Shohaku Okumura’s new book, Realizing Genjokoan: The Key to Dogen’s Shobogenzo, will be coming out soon – June 1, I believe – through Wisdom Publications. Preorder now!
I was asked to endorse the book and so I’ve had the chance to read it. I found it to be a great offering. Here’s the blurb I wrote for Wisdom (not sure if they decided to use it):
Shohaku’s sincere and devoted zazen heart illuminates this tender book, kindly and persistently examining words as if they were his eyeballs and in so doing, deepening the reader’s understanding and appreciation of ordinary mind. Importantly, Shohaku places Dogen’s pivotal work, Genjokoan, in the context of general Buddhism and demonstrates in detail how the teaching of Genjokoan penetrates and is mutually embraced by the whole of Dogen’s Zen. A heartfelt reading of this book will show the reader how to study the buddhadharma and those who wish to realize the fundamental point will find a guide and an obstacle right here.
Obstacle? Yes – that’s high praise. It might be such a barrier that it will encourage people to realize genjokoan for themselves, not relying even on old, dead, Dogen.
And that’s just where I don’t see eye-to-eye with Shohaku. We’ve been around this one at least several times going back many years.
Shohaku (and many Soto Zen scholars and priests in Japan) argue that Dogen was against “personal” enlightenment or kensho. Kensho is now associated with the Rinzai lineage and shikantaza with the Soto line.
Both sides of this debate trot out passages from Dogen that show that he was against kensho and that he was for it. There was a long discussion of this over at the Zen Forum International so I’ll spare you that for now.
Imv, the abundance of evidence for both sides points to the likelihood of a third option – Dogen’s view on kensho was more nuanced and complex than contemporary sectarian politics admit.
This is going to be the theme of my next book. For now, I want to look at one of the arguments Shohaku makes about Dogen’s enlightenment. He says it didn’t happen.
You might know the story (and even seen it happen in the movie). After Dogen meets Rujing, he sits long and devotedly, finally hearing Rujing scold the monk who is sitting and sleeping next to Dogen, “Zen study is dropping mind and body.”
“Hearing this, suddenly Dogen was greatly enlightened.”
Or so says an important work by Keizan, the third ancestor after Dogen, Transmission of Light. Dogen himself does not tell the story of his own enlightenment in any of the extant works credited to him. So Shohaku and a number of other eminent Dogen scholars argue that Keizan made it up.
I gotta say that Soto Zen is one hinky sect! Our claim to Buddhist legitimacy is that our founder was not enlightened and the second founder, Keizan, was a big fibber! Or that Dogen was so pure that he didn’t have a mere personal enlightenment. Kinda odd, don’t you think?
Anyway, I respectfully disagree with this position for both historical and buddhadharmical reasons.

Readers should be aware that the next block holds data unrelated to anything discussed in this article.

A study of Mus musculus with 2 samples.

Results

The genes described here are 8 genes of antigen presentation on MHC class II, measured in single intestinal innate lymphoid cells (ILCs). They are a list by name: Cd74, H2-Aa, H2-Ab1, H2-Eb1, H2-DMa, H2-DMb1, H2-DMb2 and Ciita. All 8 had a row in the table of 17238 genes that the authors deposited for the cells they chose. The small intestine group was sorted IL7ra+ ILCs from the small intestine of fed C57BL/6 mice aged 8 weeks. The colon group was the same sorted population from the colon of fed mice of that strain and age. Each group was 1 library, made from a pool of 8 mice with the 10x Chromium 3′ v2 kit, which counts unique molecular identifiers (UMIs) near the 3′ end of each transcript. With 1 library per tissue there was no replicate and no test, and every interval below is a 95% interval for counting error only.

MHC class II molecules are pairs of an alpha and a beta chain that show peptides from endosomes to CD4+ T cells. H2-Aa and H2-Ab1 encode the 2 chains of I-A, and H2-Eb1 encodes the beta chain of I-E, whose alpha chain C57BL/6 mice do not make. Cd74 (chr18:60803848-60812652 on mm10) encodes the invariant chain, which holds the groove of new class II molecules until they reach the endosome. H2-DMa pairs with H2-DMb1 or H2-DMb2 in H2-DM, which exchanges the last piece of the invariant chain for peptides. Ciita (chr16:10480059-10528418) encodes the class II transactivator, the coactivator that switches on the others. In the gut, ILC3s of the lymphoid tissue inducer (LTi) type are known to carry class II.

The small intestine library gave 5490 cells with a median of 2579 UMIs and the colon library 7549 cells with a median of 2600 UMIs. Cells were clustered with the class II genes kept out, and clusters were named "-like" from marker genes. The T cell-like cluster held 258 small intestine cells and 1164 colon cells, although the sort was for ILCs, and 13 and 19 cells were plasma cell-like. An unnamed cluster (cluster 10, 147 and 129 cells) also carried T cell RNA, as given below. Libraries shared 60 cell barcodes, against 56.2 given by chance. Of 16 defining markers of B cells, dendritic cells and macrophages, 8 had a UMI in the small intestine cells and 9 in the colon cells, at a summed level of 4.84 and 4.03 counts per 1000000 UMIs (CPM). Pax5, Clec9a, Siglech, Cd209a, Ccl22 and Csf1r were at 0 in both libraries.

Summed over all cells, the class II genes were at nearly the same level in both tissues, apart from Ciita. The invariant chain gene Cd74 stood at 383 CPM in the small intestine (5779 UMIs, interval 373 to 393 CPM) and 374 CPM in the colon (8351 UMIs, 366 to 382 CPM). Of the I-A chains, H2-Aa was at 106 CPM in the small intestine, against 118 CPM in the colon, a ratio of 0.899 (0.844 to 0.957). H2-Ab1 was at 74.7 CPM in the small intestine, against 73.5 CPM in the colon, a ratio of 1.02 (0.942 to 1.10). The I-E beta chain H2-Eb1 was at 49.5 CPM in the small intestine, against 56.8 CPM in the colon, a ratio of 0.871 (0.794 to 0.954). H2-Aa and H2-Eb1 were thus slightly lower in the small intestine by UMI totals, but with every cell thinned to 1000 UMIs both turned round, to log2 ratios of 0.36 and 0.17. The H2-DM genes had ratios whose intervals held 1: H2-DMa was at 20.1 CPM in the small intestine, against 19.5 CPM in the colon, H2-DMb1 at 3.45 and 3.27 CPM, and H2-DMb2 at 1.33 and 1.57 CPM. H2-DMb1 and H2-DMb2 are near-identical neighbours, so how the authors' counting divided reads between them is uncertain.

First on the historical side. Dogen didn’t say a lot about himself personally and when he did it usually wasn’t to blow his own horn. The stories in the Tenzokyokun, for example, have Dogen bested by old tenzos.
Further, Dogen doesn’t comment on some really important things – he doesn’t say why he didn’t take the full vinaya ordination, why he left Kyoto, why he didn’t hang out longer with the Shogun in Kamakura, etc.
Dogen wasn’t a modern guy who went on and on about himself at dinner until his date was deliriously bored.
Also, Keizan was well-connected with Dogen’s inner circle. His grandmother was a close student of Dogen. Keizan studied closely with several of Dogen’s direct descendants. Probably a bunch of monks in his assembly had close connections with those teachers as well and so fabricating an enlightenment story would have made waves.
Another thing that’s fishy about arguing that Dogen didn’t have kensho is that even if he didn’t, what about all the Chinese ancestors whose kensho stories are well-known? What about the Buddha? What about the many Soto Zen kensho stories after Dogen? Keizan, Gento Sokuju, and Katagiri, to name just a few, all report an experience that sounds very much like kensho, whether they used the “k” word or not.
It seems to me that the story of Dogen’s enlightenment was probably passed orally from Dogen to Keizan via his grandmother or mother or one of his teachers.
Then there’s the buddhadharmic side. Everyone I know who’s had a taste of kensho sees the turn-around characteristic of that experience in Dogen’s work. Dogen is inspiring to many for just this reason – he beautifully and powerfully presents the possibility of radically opening the heart and manifesting that openness in the world in ways that really count.
It is for this primary reason, imv, that Dogen’s Zen has so much to offer the helpless ones in the future who depend on our practice and enlightenment.
So … did Dogen have a personal enlightenment?
Yes, but he didn’t take it personally.